Dean Randozzo Surfs His Way To Victory

Dean Randazzo, from Somers Point, executes critical snaps in small surf to win the Masters of Surfing Pro at Sebastian Inlet, Fla., on Saturday.
Dean Randazzo, from Somers Point, executes critical snaps in small surf to win the Masters of Surfing Pro at Sebastian Inlet, Fla., on Saturday.

Dean Randazzo started a new chapter of his story over the weekend. On Saturday, the storied Somers Point professional surfer won the Masters of Surfing Pro, part of the Surf Fest at Sebastian Inlet, Florida. In this specialty event, Randazzo beat 36 surfers ages 40 and older to pocket $3,000.

With short waves in the thigh- to waist-high range and hard offshore winds, Randazzo executed textbook frontside snaps to get to the final, where he beat 1980s California phenom Richie Collins and North Carolina surfboard shaper Jesse Fernandez.
“Surfing is a youth-driven sport, but eventually the youth grow up,” Randazzo said by telephone from Florida after the win. “There’s definitely a market for this type of event, though. Older surfers still like to watch older surfers compete.”
Randazzo, 41, came up in the early 1980s surfing in Ocean City. Splitting time between southern New Jersey and Southern California, he established himself as one of the most explosive surfers in the country. In 1995, he became the first male surfer from New Jersey to qualify for the Association of Professionals World Championship tour. Randazzo surfed the tour with limited sponsor support until 2001, when he was diagnosed with Hodgkin’s disease, a form of cancer.
In 2002, he came back to win the first-ever Garden State Grudge Match. For the past decade, he has fought four major battles with cancer, each time returning to top competitive form. He won the Grudge Match again in 2007 and continues to compete in top-tier World Qualifying Series events. His Dean Randazzo Cancer Foundation has donated hundreds of thousands of dollars to other athletes fighting cancer, and to research.
Randazzo, who recently returned to New Jersey for his Foundation’s Freeze for a Cause contest, was on the fence about entering a Masters event. He has been very guarded about his age and hesitant to let the youth-driven culture know that he was over 40. He still makes a living as a professional surfer and was concerned that judges might have the preconceived notion of him as an older surfer and not score him fairly.
“Being as I won, I’m not too worried about being seen as a washed-up guy. I’m still with the guys at that top level,” he said.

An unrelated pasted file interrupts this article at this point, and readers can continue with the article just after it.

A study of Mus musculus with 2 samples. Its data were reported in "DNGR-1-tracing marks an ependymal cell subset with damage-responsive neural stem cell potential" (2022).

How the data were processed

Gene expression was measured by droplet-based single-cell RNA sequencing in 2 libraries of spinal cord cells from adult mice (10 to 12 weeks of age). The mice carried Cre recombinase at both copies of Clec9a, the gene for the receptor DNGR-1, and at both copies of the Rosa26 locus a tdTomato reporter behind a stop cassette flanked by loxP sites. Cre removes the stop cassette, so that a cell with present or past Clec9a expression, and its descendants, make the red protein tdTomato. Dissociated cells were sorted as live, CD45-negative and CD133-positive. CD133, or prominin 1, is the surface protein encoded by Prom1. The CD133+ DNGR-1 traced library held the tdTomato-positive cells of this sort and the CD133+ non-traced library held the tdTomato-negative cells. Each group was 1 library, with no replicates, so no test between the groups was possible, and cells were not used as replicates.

His performance is all the more impressive considering the radiation treatment, chemotherapy, stem-cell transplants and months in bed that he has endured.
“There was some good surfing, but Dean and Todd Holland were just ripping,” said Brian Heritage, of Sea Isle City, owner of Heritage Surf and Sport. He and surfboard shaper Brian Bowen, who splits his time between Sea Isle City and Florida, comprised the local contingent at the Florida competition.
Heritage advanced from his first heat, but as a goofyfoot, found the small rights difficult and fell to Charlie Kuhn and Todd Holland, both of whom were raised competing at Sebastian Inlet. Other notables were Virginian Wes Laine, the first East Coast surfer to make the ASP Tour, early aerial pioneer Matt Kechele, and Dino Andino, a California standout and father of reigning national amateur champion Kolohe Andino.
“The whole idea was great, but with us older guys, it’s a crapshoot,” said Heritage, in regard to the conditions. “It would have been really neat to see these guys go at it in some decent surf. But I saw people I haven’t seen in a long time, and they were ripping.”
For Randazzo, it was also a chance to see some old friends, such as Holland, a former ASP top-16 surfer from Florida.
“We used to travel together on tour,” Randazzo recalled fondly. “He was a redneck and always listened to country music while I wanted to blare Iron Maiden.”
Surf Fest organizer Mitch Varnes, of Florida, said he was very pleased with the outcome, hoping it creates interest for other contest for 40-and-over surfers throughout the country.
“The surfing world needs to wake up an get on the Masters program,” he said Saturday.